Wednesday, 14 August 2019

Oblivion and Immortality

Preserved from the passage of time, unaware of changing epochs, facing traumatic re-entry into a profoundly altered world - no, it's not the story of my life as an extinct vertebrate, it's a trope of post-Communist culture. The book that inspired this post, Olga Slavnikova's 2001 Bessmertnyi (or The Immortal), was released this year in Columbia University Press' Russian Library series as The Man Who Couldn't Die, translated by Marian Schwartz.

The Man Who Couldn't Die begins as the story of a decorated World War II veteran, Alexei Kharitonov, now ancient, speechless and almost completely paralyzed, whose pension is all that keeps his family above the poverty line in post-Soviet Russia. His lonely wife and ambitious stepdaughter (a TV journalist) connive to maintain an artificial "Red Corner" in their apartment to delude the sick man that the Soviet era never ended, complete down to a framed picture of Brezhnev on the wall; for fourteen years, they read aloud to him from heavily edited newspapers and present doctored videos as real-time television news. Only the doctor and the "benefits rep", an energetically dreadful woman whose job it is to check that invalids and pensioners are still eligible for government payments, ever visit the Kharitonovs' flat, so the illusion survives indefinitely. Until one afternoon, Kharitonov's wife discovers that her husband, who in wartime expertly deployed a silken noose to kill fascists, is now indefatigably, stubbornly using his one mobile hand to steal and stockpile strings, ties, belts and anything else he can filch, hide, and gradually twitch and knot into a noose to throttle himself.

"It turned out that Alexei Afanasievich had always been the creator and center of Soviet reality, which he'd managed to hold onto a little longer; and now this reality, squeezed to the size of their standard-issue living space, retained its permanence, inasmuch as its pillar had not disappeared; on the contrary, it was trapped along with all its medals glowing in their boxes [...]. Now, though, the veteran, who had turned into a body, into the horizontal content if a high trophy bed, had suddenly declared war on his own immortality."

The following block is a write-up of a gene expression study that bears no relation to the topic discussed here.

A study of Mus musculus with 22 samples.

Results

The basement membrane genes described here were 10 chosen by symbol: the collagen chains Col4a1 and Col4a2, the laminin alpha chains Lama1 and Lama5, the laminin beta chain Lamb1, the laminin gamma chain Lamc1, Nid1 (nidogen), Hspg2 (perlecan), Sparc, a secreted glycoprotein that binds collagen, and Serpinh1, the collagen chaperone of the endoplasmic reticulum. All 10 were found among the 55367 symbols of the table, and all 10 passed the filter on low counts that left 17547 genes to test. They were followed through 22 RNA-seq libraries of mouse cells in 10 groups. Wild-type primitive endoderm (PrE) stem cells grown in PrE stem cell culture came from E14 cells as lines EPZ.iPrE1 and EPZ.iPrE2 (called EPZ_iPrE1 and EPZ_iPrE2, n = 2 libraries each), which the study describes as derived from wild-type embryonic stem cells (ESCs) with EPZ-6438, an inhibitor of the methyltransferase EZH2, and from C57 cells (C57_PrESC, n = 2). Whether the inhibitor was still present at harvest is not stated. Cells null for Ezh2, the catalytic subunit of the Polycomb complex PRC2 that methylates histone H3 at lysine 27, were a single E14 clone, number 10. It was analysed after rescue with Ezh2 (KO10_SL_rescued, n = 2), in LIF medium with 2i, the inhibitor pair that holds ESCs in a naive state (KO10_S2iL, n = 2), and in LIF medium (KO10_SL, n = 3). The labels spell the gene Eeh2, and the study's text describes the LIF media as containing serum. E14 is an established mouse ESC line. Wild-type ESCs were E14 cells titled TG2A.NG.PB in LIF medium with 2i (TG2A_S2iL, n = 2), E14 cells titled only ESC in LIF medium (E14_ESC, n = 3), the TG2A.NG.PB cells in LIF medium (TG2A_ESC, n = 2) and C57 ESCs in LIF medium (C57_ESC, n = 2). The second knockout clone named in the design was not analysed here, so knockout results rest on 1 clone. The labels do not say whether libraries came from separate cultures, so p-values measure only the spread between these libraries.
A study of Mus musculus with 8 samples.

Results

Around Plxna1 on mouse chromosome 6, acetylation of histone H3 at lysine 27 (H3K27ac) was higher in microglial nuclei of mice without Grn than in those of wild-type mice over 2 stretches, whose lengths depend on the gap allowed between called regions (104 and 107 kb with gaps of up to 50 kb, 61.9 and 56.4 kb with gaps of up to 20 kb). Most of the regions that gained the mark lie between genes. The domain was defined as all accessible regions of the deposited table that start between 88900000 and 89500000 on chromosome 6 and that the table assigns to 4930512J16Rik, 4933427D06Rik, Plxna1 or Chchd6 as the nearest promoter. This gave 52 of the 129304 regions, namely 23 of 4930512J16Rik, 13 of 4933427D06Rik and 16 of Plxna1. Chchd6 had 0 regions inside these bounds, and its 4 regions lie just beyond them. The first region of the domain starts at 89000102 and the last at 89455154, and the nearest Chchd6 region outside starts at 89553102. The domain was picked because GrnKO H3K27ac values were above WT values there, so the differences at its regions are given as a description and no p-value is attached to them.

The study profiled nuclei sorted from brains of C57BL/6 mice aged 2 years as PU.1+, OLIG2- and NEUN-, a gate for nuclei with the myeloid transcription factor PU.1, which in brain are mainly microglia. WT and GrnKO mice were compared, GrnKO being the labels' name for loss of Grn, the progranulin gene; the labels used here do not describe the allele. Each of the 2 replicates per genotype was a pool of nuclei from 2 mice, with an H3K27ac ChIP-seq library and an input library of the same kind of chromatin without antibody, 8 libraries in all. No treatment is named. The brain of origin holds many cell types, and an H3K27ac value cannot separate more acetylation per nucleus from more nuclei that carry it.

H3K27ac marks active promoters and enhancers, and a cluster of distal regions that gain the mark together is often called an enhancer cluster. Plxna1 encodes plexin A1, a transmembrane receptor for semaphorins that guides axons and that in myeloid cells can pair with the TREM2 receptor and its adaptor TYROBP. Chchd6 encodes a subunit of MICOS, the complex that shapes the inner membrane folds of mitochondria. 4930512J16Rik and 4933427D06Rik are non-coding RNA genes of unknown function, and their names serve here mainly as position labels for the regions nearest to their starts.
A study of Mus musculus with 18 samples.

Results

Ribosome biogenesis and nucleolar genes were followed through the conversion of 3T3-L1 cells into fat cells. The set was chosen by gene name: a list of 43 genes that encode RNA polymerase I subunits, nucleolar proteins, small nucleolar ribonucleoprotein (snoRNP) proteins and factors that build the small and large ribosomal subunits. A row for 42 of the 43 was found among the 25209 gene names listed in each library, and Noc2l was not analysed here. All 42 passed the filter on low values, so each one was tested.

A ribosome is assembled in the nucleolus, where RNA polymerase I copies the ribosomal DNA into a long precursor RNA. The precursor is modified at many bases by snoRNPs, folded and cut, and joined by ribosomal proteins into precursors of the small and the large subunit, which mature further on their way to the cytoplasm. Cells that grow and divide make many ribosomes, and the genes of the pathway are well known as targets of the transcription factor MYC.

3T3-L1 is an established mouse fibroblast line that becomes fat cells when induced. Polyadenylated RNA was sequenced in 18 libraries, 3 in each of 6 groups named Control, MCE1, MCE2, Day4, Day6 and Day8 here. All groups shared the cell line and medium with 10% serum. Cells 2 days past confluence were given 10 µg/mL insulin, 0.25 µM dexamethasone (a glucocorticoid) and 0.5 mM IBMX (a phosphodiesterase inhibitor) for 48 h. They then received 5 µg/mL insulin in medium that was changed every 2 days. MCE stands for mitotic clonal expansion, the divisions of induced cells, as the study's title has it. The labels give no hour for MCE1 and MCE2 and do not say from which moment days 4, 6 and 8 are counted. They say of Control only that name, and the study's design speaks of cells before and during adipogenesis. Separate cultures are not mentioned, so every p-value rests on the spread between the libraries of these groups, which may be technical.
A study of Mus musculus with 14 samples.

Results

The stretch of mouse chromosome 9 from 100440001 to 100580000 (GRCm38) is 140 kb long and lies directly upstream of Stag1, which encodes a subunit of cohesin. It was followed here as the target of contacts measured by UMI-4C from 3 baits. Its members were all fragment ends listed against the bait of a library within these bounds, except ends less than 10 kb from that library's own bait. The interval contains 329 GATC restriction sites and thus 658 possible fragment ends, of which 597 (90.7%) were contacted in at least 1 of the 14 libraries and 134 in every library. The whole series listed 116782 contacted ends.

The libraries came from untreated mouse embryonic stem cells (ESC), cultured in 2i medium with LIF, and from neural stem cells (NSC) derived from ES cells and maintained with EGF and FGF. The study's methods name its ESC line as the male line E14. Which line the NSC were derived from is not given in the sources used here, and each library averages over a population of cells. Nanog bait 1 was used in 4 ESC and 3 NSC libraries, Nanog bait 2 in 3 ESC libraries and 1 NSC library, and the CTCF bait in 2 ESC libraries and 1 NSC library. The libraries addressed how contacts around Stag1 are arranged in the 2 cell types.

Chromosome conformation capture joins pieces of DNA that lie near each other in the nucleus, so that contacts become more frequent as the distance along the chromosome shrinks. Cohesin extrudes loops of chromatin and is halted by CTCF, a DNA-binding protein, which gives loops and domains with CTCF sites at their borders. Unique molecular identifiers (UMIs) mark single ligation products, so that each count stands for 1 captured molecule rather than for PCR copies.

Alexei's wife respects him even more for the dignity and fixity of purpose he brings to his sustained, if ineffectual, suicide attempts; after all, he has no idea that in killing himself, he would also destroy his family's only reliable source of income. The Man Who Couldn't Die is intense, claustrophobic, bitterly funny, and of course ironic: the bodily claustrophobia of Alexei's existence is echoed most closely not by the Soviet era or its afterlife in the family's Red Corner, but by the corruption and chaos of New Russia - which eventually spills over into the Kharitonovs' apartment.

The conceit of an elderly person trapped in an artificial chronotope (like Alexei Kharitonov surrounded by his medals) reminds most people of the film Goodbye, Lenin (2003), where a sick woman's children try to protect her from a potentially fatal shock by pretending that the Berlin Wall never came down. Indeed, according to Mark Lipovetsky's Introduction to The Man Who Couldn't Die, Slavnikova felt that the makers of the film had plagiarized her idea. Another post-Communist author to use a similar trope is José Eduardo Agualusa, whose 2013 novel about an Angolan woman who walls herself up on the roof of an apartment building was published in Daniel Hahn's translation (from the Portuguese) in 2015 as A General Theory of Oblivion. (The book famously won the 2017 Dublin IMPAC prize, at the time the most lucrative award in literary translation).  Having bricked herself up on the roof terrace at the first sign of civil unrest, Portuguese expat Ludo survives for twenty-eight years on a diet of tinned food, captured birds, and frankly inappropriate substances, overlooking civil war and family tragedy in Angola's capital - until an orphan boy discovers her refuge and gradually brings her back to the world, and her surviving family. The story has a surprisingly happy ending - even if The Man Who Couldn't Die has the edge on catharsis. Can any of my readers recommend similar books on individuals brought back to real life after a long period of trance, delusion, or hibernation? No Jurassic Park jokes, please.